It’s terrible, and the real bottom of the barrel bullshit is what happens Saturday afternoons on Fox. Say there’s three games scheduled: Yankees vs. Red Sox, Phillies vs. Braves, and Brewers vs. Cubs. Of course one would be able to see those teams in their respective home markets, but things get really fucking annoying when you’re living outside of your favorite team’s home city. Let’s say you’re a Phils fan living in LA and the local Fox affiliate isn’t showing that game, which makes sense because you’re 3000 miles away. You’re stuck watching a 5-hour broadcast of the GREATEST RIVALRY OF ALL-TIME Yankees vs. Red Sox where half the game will be cutaways to pointless manager interviews and Tim McCarver spewing excessive Derek Jeter praise. And the worst thing of all, even if you shell out the money for MLB TV, it’s still no game for you. You’re blacked out.

So why is this? Does MLB hate us? It sure as hell seems like it sometimes. But according to the the blackout policy’s Wikipedia page (h/t to Wikipedia), that’s not the case at all:

Fox has certain rights for afternoon MLB games on Saturdays, and ESPN has the same rights for night games on Sundays. Broadcasters cannot show games of in-market teams, regardless of whether the game is home or away, if the game of the local team has a certain start time (usually there are no other games scheduled at these times). This, at least theoretically, is to make people watch the out-of-market game on ESPN or Fox. The reasoning is that since people will not be able to watch their favorite team, they may be willing to settle for some baseball, even if it involves teams they are not as excited about. This results in higher ratings for the national broadcaster by pulling baseball fans away from watching their own team.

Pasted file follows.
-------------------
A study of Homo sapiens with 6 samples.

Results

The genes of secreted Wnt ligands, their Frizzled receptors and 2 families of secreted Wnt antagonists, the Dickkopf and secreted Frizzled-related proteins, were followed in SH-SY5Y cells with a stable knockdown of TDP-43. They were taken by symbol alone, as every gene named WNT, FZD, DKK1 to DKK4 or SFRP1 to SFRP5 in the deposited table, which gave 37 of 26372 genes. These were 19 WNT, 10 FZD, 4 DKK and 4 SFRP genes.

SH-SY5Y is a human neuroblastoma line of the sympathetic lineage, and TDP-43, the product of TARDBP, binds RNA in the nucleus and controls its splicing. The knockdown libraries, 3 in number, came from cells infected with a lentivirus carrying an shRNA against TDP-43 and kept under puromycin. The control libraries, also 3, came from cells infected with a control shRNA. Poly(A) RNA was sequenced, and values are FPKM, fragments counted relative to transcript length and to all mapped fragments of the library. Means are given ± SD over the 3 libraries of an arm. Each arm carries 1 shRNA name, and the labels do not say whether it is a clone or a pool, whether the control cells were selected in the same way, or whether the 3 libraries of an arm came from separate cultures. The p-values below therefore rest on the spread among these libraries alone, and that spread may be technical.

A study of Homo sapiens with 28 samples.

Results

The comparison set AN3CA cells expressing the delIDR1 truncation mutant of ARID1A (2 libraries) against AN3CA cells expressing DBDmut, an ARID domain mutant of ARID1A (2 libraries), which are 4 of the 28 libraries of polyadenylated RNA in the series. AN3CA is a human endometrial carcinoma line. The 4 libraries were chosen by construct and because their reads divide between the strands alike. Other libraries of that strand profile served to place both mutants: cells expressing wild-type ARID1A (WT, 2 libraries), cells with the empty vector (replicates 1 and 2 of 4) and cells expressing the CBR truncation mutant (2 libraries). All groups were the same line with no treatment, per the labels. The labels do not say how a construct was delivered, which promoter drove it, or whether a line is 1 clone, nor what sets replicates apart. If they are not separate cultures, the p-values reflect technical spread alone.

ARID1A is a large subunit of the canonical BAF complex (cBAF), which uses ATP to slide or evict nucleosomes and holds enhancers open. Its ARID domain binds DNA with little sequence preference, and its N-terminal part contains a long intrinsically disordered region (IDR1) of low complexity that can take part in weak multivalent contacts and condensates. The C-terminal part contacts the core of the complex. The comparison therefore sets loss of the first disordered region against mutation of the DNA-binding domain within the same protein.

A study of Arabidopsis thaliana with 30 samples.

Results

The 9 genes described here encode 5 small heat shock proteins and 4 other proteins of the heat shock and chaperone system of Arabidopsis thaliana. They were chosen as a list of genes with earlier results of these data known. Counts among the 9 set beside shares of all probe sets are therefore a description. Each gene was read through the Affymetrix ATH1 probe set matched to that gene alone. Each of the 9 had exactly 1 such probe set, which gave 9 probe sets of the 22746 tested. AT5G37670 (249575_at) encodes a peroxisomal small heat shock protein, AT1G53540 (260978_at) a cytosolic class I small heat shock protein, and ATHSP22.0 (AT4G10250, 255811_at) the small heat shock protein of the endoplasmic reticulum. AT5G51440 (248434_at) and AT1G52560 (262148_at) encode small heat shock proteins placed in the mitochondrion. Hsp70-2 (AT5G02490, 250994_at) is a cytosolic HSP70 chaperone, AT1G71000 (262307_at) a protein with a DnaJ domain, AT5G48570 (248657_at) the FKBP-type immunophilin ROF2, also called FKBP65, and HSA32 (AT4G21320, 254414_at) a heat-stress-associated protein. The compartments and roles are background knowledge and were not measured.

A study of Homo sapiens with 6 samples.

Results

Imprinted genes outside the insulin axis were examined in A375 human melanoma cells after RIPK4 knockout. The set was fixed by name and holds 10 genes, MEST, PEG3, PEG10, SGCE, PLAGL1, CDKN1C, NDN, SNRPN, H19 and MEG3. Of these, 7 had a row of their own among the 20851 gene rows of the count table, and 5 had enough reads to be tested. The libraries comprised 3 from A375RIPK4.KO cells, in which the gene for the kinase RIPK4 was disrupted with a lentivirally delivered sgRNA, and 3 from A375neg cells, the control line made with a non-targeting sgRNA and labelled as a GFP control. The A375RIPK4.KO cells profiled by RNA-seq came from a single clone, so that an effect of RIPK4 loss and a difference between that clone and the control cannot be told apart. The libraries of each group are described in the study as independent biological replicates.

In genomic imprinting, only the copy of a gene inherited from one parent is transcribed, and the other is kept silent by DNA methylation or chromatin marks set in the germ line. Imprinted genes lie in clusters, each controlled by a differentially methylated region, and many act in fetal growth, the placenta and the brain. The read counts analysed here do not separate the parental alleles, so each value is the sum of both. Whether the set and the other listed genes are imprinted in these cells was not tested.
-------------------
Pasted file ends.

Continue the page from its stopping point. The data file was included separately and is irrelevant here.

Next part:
Thanks, MLB and Fox!

But moving onto the map posted above, there’s yet more dumb things about the blackout policy. And I actually had fun with this part, mostly because I like looking at maps.

If you live in Las Vegas or Iowa, you’re basically fucked when it comes to watching games, even if you have MLB TV. There is the potential to miss six games (a total of 12 teams) because the blackout territories are needlessly massive.

Those of you lucky enough to live in Iowa (and I’ve been there before, so I’m being sincere when I say “lucky”), are in the blackout territories of the Cubs, White Sox, Brewers, Twins, Cardinals, and Royals. Let’s say you live in Northwood, which is on the Minnesota border slightly over 100 miles from the Twin Cities. The local cable system probably airs every Twins game. But what if you just moved there from Kansas City and are a rabid Royals fan? First off, I’m sorry, but secondly, you’re screwed if you wanna catch your team. You’re likely not going to find your team on TV, and even if you pay for MLB TV, Bud Selig says “haha” because you still can’t see your team. You’ve been blacked-out! Note that Northwood is 333 miles from Kansas City.

Las Vegas and southern Nevada is dealing with the same minefield of ridiculousness. Don’t even think about buying MLB TV, because there won’t be any Athletics, Giants, Angels, Dodgers, Padres, or Diamondbacks games for you. And by the way, the Bay Area is over 550 miles away. Well, there’s always the radio broadcasts.

But things can’t get worse than they do in Homestead, Montana. Residents of this city are part of the Mariners blackout territory, although it’s 1146 miles from Seattle. Local cable probably isn’t showing the team. It’s worth noting that both Minneapolis and Denver are around 700 miles away, yet those teams are not blacked out. Seems logical.

MLB, get your shit together.



  1. Jason says:

    You forgot about Hawaii and Canada, all of the west coast teams claim the entire state of Hawaii which is over 3000 miles away and claiming an entire country for Toronto – thats rather bold.

    • dsloan says:

      You’re right, I did forget them. Canada I did consider, but it slipped my mind at the end. With Hawaii, I never even considered them, but I am not surprised that all of the west coast teams claim the state. If MLB really wants to hold onto the blackout policy, but have some sort of middle ground with fans in areas that are heavily effected (IA, south NV, HI, Canada), there should be some sort of graduated payment scheme. Some folks should be paying less because they are receiving less of the product.